Personal Productivity for Lawyers
This quick-start guide to Getting Things Done and Inbox Zero also includes two shortcuts for those who want the benefits of GTD without having to learn the system.
This week’s episode is a replay of one of our favorite conversations about lawyering and law practice, with Alan Dershowitz.
Alan Dershowitz’s Advice for Young Lawyers
As a well-known lawyer and (former) law professor, Alan Dershowitz gives a lot of advice to young lawyers. At one point, he wrote it all down in Letters to a Young Lawyer. The book has been around for a while, but it is still full of good advice for young lawyers — and so is Dershowitz.
When I asked Dershowitz what he would change about Letters to a Young Lawyer if he were writing it today, he pointed out that because law has become much more of a business, he would want to add a chapter on conflicts and billing practices, which are more relevant than they were.
In the book, Dershowitz places great importance on finding a mentor, but acknowledges that a great mentor is hard to find. We talked about how to avoid bad mentors, including two red flags:
- Lawyers who advise you to do the same things they have done in their career.
- Lawyers who do things just because they have always done things, despite the lack of any evidence those things actually work. There are some great examples in Letters to a Young Lawyer that we discussed in the the podcast.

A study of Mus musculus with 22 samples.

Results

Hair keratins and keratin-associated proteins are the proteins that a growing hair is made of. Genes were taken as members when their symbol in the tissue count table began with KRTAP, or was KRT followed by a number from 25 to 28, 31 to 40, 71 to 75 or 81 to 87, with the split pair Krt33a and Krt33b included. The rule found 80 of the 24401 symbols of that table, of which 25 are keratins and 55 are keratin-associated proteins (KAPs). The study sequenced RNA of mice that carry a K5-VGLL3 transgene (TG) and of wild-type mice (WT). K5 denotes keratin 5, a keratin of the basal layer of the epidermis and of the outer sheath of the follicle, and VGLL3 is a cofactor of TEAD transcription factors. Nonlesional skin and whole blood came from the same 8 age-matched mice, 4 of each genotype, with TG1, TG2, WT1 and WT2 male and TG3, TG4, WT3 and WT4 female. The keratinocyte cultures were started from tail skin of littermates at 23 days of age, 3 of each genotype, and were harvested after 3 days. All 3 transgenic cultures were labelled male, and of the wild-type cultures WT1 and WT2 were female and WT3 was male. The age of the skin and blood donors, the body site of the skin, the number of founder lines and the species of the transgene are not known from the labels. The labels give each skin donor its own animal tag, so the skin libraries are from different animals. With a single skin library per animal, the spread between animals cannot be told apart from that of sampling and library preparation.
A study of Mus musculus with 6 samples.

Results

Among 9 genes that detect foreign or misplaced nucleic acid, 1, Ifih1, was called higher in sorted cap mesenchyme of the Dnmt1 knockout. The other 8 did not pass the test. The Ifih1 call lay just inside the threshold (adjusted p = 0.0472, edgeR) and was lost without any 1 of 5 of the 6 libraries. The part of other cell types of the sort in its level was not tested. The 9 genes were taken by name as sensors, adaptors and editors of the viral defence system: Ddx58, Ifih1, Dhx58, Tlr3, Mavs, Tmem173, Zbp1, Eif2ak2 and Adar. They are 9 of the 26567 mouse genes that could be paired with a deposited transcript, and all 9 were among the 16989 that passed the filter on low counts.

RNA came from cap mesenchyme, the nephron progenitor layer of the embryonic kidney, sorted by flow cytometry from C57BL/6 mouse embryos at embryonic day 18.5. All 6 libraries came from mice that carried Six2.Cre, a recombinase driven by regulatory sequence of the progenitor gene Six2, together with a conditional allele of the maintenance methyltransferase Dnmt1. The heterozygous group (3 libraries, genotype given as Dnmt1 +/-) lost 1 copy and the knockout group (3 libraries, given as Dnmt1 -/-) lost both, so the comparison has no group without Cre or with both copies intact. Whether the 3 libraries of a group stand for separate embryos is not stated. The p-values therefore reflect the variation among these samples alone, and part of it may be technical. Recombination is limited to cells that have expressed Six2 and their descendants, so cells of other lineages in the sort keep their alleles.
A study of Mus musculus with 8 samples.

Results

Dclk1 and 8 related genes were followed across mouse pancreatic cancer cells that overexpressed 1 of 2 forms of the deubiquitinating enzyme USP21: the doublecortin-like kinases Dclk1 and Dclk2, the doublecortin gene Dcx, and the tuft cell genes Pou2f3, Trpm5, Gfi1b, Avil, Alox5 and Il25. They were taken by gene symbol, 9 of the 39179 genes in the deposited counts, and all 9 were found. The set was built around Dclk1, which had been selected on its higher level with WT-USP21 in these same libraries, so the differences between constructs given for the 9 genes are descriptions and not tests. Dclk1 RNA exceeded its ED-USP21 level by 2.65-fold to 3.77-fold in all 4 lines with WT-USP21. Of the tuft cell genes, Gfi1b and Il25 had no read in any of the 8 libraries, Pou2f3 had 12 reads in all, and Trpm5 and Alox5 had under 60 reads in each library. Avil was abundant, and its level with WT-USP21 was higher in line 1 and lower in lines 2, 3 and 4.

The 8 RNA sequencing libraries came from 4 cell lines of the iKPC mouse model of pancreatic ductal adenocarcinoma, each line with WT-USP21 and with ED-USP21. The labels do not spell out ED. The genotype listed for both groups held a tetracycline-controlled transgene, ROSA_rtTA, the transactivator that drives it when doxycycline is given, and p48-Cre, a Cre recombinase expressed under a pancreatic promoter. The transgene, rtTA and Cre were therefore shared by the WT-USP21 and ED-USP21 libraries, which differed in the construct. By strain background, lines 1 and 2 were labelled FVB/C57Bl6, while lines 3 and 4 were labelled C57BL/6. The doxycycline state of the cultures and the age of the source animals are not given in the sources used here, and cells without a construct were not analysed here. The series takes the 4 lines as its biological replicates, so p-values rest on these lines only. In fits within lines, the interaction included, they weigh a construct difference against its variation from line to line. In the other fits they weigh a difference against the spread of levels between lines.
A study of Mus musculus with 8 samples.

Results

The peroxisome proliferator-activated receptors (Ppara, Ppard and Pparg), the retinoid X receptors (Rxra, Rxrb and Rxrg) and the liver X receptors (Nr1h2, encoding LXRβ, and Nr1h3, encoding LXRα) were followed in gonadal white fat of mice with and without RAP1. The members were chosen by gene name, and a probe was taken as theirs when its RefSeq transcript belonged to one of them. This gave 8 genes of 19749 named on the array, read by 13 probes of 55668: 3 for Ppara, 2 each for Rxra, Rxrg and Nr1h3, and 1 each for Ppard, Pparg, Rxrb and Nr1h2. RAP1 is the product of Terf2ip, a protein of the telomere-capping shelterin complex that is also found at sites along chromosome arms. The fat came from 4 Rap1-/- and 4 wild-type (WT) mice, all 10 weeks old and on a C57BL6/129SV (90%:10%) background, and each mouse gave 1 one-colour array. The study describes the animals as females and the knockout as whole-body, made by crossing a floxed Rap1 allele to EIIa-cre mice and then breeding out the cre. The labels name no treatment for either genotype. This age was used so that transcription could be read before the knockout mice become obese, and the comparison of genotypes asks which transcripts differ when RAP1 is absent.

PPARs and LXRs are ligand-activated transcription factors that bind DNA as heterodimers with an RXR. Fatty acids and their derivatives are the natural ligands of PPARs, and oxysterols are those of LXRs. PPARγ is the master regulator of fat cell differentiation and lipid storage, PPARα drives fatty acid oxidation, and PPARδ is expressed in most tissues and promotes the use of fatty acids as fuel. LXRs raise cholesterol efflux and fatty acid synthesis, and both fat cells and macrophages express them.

I asked Dershowitz about imposter syndrome, which he says is an issue for him just as it is for many young professionals.
One of the things that jumped out at me in Letters to a Young Lawyer was Dershowitz’s take on work-life balance. He quotes the old saw that nobody regrets working too much when they are on their deathbed, then says that some people should regret not working enough. During our interview, he elaborated on the right way for young lawyers to approach work-life balance.
We also discussed his view that you should not do what you are best at, why the Yellow Pages and the Internet are a terrible place to find a lawyer, and the three arguments you make to a court:
- The one you think you made.
- The one you wish you made.
- The one you actually made.
Thanks to Ruby Receptionists for sponsoring this episode!
Listen and Subscribe
To listen to the podcast, just scroll up and hit the play button.
To make sure you don’t miss an episode of the Lawyerist Podcast, subscribe now in iTunes, Stitcher, or any other podcast player. Or find out about new episodes by subscribing to the Lawyerist Insider, our email newsletter. We will announce new episodes in the Insider, and you can listen to them right here on Lawyerist.